PPP (Supplementary) [16]

Session date: 
July 18, 2001
Question By: 
Angie Bray
Organisation: 
GLA Conservatives
Asked Of: 
The Mayor

Question

We on this side have watched with interest the arguments toing and froing between former Socialist allies. Londoners watching all this would say, "A plague on both your houses." They just want it to get going; all these details are Byzantine so far as they are concerned. I feel that everybody's patience is running out while the two of you argue away.

I want to return to the point made by Andrew Pelling. I have to say, Mr Livingstone, that a lot of people were incredibly disappointed that you put your old political allegiances ahead of championing Londoners' interests during the general election campaign. You may say breezily that, at best, Labour might have lost a handful of seats, but they clearly did not see it that way. That is precisely why they were at pains to get Mr Kiley on to their board - to buy off your opposition during an embarrassing time. They clearly thought it was serious.

You bought into that, which I think was letting Londoners down badly, when you could have held them to account on this matter which you claim is so terribly important. You did not think it was that important during the election campaign. I remember putting it to you just before the election started that this was just a temporary arrangement to save Labour any embarrassment, that you had bought into it, and that it would all unravel afterwards - as, indeed, it has. That allowed a lot of important messages to go astray.

My question to you on that is this: when you went out campaigning with Labour candidates during the election, did you bother to ask them whether they would be prepared to support you once it all unravelled afterwards? Do you think that those Labour candidates, who are now Labour MPs, are indeed going to support you in this?

Supplementary To: 

Answer

Answer for PPP (Supplementary) [16]

Answer for PPP (Supplementary) [16]

Answered By: 
The Mayor

In the first place, I do not think that Londoners say, "A plague on both your houses." The latest opinion poll shows that 90% of Londoners support the stance that Bob Kiley and I have taken on this, and there is negligible support for the Government's PPP.

We come back to this question of what I should have done during the election. The election was not just about the Underground; it was about a whole range of issues. I had a choice in London not between PPP and no PPP but between a Government led by Tony Blair and a Government led by William Hague. I have a lot of complaints about Tony Blair's Government and I shall continue to make them, but they are infinitesimal compared with the complaints I would have had about a William Hague Government. You know as well as I do that I am absolutely convinced that it is essential for London's economic success that we should be a part of the euro, and there is no doubt whatsoever - he is very honest about this - that that would never have happened under a Hague Government. If that was the only point of difference, it was enough for me to say that William Hague's Government would not have been fit to govern Britain.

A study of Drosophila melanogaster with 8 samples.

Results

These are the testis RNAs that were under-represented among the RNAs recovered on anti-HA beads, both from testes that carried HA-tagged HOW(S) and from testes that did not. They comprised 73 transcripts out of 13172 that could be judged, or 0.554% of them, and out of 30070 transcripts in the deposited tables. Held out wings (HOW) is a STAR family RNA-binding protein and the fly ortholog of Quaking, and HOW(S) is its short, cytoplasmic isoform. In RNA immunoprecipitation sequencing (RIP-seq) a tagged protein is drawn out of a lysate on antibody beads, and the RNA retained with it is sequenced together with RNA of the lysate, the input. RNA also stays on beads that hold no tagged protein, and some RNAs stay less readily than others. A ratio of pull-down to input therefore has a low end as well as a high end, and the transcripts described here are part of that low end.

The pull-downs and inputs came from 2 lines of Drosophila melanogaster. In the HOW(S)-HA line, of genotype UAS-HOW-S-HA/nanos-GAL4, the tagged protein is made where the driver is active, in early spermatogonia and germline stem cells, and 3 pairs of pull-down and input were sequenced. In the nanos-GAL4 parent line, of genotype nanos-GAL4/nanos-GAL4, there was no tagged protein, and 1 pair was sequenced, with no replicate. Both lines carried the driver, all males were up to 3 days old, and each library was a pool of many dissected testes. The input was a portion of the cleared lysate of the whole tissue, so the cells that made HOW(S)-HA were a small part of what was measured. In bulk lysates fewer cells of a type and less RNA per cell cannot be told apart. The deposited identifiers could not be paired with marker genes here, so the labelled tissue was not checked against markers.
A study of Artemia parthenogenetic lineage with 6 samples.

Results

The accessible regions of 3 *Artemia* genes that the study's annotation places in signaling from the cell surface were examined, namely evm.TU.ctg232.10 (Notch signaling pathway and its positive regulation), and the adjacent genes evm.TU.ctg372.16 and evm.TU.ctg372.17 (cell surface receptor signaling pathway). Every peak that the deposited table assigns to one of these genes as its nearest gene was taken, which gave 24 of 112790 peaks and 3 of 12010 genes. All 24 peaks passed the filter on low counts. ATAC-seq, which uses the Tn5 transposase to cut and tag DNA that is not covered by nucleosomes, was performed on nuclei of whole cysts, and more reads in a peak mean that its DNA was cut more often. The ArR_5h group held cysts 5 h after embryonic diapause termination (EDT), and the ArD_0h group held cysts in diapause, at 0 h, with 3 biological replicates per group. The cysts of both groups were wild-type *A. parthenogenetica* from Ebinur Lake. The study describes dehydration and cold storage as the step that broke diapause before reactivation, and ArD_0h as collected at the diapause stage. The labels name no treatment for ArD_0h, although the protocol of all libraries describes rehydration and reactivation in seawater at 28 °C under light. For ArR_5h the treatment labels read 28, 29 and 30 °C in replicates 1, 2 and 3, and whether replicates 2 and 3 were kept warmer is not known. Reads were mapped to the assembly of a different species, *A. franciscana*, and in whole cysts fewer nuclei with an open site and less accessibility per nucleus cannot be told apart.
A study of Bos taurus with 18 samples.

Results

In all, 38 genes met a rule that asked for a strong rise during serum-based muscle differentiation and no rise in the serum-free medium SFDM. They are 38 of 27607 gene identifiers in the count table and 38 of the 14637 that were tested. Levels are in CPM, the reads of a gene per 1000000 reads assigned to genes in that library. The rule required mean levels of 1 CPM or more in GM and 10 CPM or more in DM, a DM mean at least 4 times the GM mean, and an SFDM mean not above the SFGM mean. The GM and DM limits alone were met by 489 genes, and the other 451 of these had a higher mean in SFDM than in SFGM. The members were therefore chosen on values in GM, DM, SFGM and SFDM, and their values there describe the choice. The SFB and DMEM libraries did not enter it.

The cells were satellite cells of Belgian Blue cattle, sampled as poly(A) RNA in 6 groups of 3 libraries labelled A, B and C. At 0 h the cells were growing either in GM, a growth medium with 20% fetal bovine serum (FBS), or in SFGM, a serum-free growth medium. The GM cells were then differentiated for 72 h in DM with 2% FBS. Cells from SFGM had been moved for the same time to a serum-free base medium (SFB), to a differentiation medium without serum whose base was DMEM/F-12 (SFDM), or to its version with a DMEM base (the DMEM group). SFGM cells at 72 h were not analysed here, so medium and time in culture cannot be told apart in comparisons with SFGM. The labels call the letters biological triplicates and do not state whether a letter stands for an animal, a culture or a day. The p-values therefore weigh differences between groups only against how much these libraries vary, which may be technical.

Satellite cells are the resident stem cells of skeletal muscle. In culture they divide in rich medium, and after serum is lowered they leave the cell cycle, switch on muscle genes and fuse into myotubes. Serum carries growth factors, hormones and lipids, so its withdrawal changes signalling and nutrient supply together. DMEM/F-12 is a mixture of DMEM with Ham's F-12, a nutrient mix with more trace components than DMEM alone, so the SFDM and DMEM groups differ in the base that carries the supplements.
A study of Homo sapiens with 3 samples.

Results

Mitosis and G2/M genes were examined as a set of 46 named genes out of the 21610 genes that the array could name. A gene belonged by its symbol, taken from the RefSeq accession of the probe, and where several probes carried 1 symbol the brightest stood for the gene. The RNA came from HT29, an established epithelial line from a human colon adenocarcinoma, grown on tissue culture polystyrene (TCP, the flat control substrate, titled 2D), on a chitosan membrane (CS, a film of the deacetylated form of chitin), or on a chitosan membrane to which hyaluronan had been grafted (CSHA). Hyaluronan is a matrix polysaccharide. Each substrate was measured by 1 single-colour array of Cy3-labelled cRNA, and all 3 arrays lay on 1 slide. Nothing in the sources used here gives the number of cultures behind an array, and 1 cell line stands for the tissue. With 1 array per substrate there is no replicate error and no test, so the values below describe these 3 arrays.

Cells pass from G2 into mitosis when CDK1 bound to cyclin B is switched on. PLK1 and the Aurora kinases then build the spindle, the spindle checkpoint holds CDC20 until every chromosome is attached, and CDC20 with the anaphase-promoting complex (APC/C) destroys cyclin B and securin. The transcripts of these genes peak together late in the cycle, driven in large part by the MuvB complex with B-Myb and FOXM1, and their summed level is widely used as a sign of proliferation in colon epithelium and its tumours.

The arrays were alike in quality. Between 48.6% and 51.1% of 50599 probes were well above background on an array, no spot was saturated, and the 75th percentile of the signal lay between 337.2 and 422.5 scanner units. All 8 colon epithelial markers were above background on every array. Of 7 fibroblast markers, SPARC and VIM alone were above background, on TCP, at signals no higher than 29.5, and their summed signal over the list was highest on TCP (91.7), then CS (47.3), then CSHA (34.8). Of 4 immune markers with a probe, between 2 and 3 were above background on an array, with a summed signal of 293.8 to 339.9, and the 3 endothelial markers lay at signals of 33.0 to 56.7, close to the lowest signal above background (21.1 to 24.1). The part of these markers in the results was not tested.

Equally, given the emphasis on an £8 billion tax cut, with the rumours of perhaps £20 billion - I suspect that would not be enough for Eric; he would probably want £50 billion - there was very little chance of a Hague Government giving the GLA and local government in London, including the boroughs, the sort of public investment we need.

So, yes, I will continue to argue with Tony Blair about the Underground, but on a whole range of other issues we are making good progress. The Government are working closely with me on the congestion charge. They have laid the parliamentary instrument which will allow the scheme to go ahead. There is a whole range of other issues on which we are in a good dialogue. We are rather in the position that we have decided that the PPP is an unpleasant, stinking corpse in the corner of the room that we pretend is not there, while we get on with the other business.

I think that is best for London as well. We will have a court decision next week, and one of us will have to accept defeat; but on all the other issues - resources for London, devolution of more powers, education funding - we are making good progress with the Government, and my personal relationships with Stephen Byers will not be affected by the outcome of this case. It would be bad for London, and damaging for resources we expect to get, if I allowed this to become personal.